Posted by: Steve Brandt under Local business, People and neighborhoods, Politics and government Updated: December 6, 2011 - 2:15 PM

The tiger of City Hall, Lisa Goodman, was ready to pounce Tuesday just before lunch

She landed on a $164,600 proposal to create a North Side Business Initiative. The idea, according to city development officials, is to set aside a pot of money to finance capital needs of businesses willing to locate on the North Side.  They could use the money on facilities, remodeling or equipment, and would be be held to job-creation goals.

That type of discretionary money would have helped the city entice a call center operation to the North Side in one recent case, Cathy Polasky, the city's economic development director, told the council's budget committee.

Goodman landed with claws out, deriding the proposal as a slush fund. Her real beef was that the council's money committee was considering a half-baked proposal from Chair Betsy Hodges that she felt more properly was the policy domain of the Community Development Committee Goodman chairs.

The money would come from a federal community development grant that turned out to be $400,000 more than expected when budget recommendaitons were made.  Goodman pointed out that lots of nonprofits who lost their funding when that program contracted would love to be reconsidered for the money.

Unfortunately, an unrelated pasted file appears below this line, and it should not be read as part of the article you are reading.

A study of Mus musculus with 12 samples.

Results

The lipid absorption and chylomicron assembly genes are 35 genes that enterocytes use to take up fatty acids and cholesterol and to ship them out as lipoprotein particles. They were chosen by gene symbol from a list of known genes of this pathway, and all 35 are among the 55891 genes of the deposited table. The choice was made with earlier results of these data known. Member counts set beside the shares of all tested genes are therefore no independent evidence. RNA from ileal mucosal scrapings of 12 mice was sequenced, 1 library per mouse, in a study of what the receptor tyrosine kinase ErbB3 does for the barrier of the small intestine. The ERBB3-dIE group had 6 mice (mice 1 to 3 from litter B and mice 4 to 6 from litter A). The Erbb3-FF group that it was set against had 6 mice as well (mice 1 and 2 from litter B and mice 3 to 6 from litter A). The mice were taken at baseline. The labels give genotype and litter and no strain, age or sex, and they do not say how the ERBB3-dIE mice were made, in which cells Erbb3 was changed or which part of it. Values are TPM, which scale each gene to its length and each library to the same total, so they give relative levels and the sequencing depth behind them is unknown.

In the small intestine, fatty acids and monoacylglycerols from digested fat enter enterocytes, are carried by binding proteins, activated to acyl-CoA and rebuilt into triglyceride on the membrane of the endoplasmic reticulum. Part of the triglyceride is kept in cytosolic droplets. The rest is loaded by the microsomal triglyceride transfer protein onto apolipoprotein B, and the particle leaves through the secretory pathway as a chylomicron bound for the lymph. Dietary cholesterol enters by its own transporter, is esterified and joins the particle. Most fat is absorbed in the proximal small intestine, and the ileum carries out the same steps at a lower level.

She got support from Council Member  Meg Tuthill, who has started two businesses.  "It's too loosey-goosey for me and it's not enough money to do something substantial," she said.

Goodman wrongly ascribed the proposal to Mayor R.T. Rybak, who aides disavowed it. Hodges said it's her proposal, but Polasky said it originated with the department. 

The city's most notable venture into subsidizing a North Side business came when arranged aobut $3 million in tax-financing for Coloplast. a medical products firm.  But the company so far has failed to perform on the jobs it promised for North Side residents. The target area for the initiative would exclude much of the city's redeveloping former scrap yards between Interstate 94 and the Mississippi River. 

Hodges returned from a lunch break to withdraw here proposal "for today." The amending continues Tuesday and Wednesday afternoons.